Content Reviewers:Lisa Miklush, PhD, RNC, CNS, Antonia Syrnioti, MD, Viviana Popa, Gabrielle Proper, RN, BScN, MN
Immunity is the ability of the body to fight pathogens, like viruses, bacteria, and fungi; but, also, foreign substances, like toxins and chemicals. Now, the immune system consists of two main branches: innate immunity and adaptive immunity. Innate immunity is the first line of immunity, that we are born with; it is fast, meaning that it responds within several minutes to hours; it’s non-specific, therefore it does not differentiate one pathogen from another; and finally, it’s short-lived, meaning it does not retain the memory of previous infections. On the flip side, adaptive immunity is the second line of defense that is acquired throughout life; it is slower and takes time to respond; but it’s also specific, so it recognizes different pathogens; and long-term, so it doesn’t forget a previous exposure to a pathogen.
Now, let's cover the physiology of the innate immune system, which can be further subdivided into anatomic, physiologic, and cellular components. Anatomic components include physical barriers, like skin and mucous membranes, while physiologic components include additional mechanisms like the microflora found in different parts of the body, like the skin, gut and reproductive organs; or the low stomach pH.
First up, there’s phagocytes, like neutrophils, macrophages and dendritic cells, and these are immune cells that digest pathogens in a process called phagocytosis. There are some key differences between them.
First up, neutrophils are circulating immune cells, so they are normally found in the blood. In fact, they’re the most numerous type of white blood cell in the blood! Microscopically, they also have a multi-lobed nucleus, which is why they’re also called polymorphonuclear neutrophils, or PMN for short. They’re also granulocytes, meaning they have vesicles that store enzymes or proinflammatory compounds. Now, since neutrophils are floating around in the blood, they’re the first immune cells to reach the site of an injury or infection in response to chemical signals, called cytokines, that are produced during acute inflammation.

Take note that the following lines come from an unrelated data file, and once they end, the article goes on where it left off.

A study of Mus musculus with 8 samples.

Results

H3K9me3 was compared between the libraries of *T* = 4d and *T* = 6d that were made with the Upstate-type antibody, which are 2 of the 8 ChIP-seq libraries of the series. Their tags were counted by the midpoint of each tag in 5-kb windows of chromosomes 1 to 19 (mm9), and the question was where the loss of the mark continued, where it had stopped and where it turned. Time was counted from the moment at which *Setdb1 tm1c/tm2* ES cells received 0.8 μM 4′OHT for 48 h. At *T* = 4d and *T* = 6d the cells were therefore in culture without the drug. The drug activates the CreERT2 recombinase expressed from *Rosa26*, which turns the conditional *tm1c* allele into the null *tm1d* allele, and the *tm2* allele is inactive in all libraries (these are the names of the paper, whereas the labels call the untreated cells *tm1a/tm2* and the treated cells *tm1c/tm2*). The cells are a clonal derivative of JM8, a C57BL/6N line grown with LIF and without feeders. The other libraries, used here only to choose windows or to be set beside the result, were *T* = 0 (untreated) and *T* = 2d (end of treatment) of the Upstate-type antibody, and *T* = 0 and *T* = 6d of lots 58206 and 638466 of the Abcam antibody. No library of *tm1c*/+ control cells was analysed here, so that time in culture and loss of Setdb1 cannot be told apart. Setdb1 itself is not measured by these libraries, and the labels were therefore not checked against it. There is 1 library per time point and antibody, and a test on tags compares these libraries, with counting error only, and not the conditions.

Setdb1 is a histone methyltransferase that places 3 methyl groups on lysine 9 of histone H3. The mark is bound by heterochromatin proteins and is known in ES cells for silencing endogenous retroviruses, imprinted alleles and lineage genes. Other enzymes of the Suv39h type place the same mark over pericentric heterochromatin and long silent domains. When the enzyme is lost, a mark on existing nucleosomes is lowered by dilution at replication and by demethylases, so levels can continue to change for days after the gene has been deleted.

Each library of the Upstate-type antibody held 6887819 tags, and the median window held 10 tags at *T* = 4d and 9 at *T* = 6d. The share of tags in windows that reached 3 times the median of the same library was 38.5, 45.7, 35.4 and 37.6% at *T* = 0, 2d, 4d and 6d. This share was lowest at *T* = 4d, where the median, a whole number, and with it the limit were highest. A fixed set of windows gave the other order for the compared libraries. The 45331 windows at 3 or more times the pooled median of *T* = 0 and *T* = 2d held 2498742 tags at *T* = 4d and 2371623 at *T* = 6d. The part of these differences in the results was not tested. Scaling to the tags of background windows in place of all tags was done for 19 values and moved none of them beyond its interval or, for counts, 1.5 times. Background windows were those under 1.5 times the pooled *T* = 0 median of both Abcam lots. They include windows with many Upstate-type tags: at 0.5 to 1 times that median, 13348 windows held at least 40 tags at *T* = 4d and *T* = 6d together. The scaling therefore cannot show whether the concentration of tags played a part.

Now, once they reach the site of injury, neutrophils swallow the pathogen in a process called phagocytosis.
Inside the neutrophil, the pathogen is trapped in a phagosome, which combines with lysosomes which are vesicles that contain antimicrobial enzymes. This creates a phagolysosome that breaks down the pathogen. Some of these enzymes are responsible for the “respiratory burst” where reactive oxygen species like superoxide and hydrogen peroxide are produced. These are highly effective at destroying pathogens, but also damage the neutrophil, causing it to die in the process. Since neutrophils utilize respiratory burst more than other immune cells, they have a very short lifespan, of just a few days.
Neutrophils can also degranulate, meaning they release their enzymes outside the cell to damage extracellular pathogens. However, this also damages themselves and nearby tissue. In addition, they can also release their own proinflammatory molecules like cytokines to attract more immune cells to the area.
Macrophages, on the other hand, are mostly stationary immune cells, so they stay and guard various tissues in the body; they actually derive from circulating white blood cells called monocytes, which travel through the blood and eventually set up shop in one tissue or another. Both monocytes and macrophages are agranulocytes, which means that their cytoplasm doesn’t contain granules. They also have different names depending on their home. So for example, in the lung they’re called alveolar macrophages, while in the liver they’re called Kupffer cells.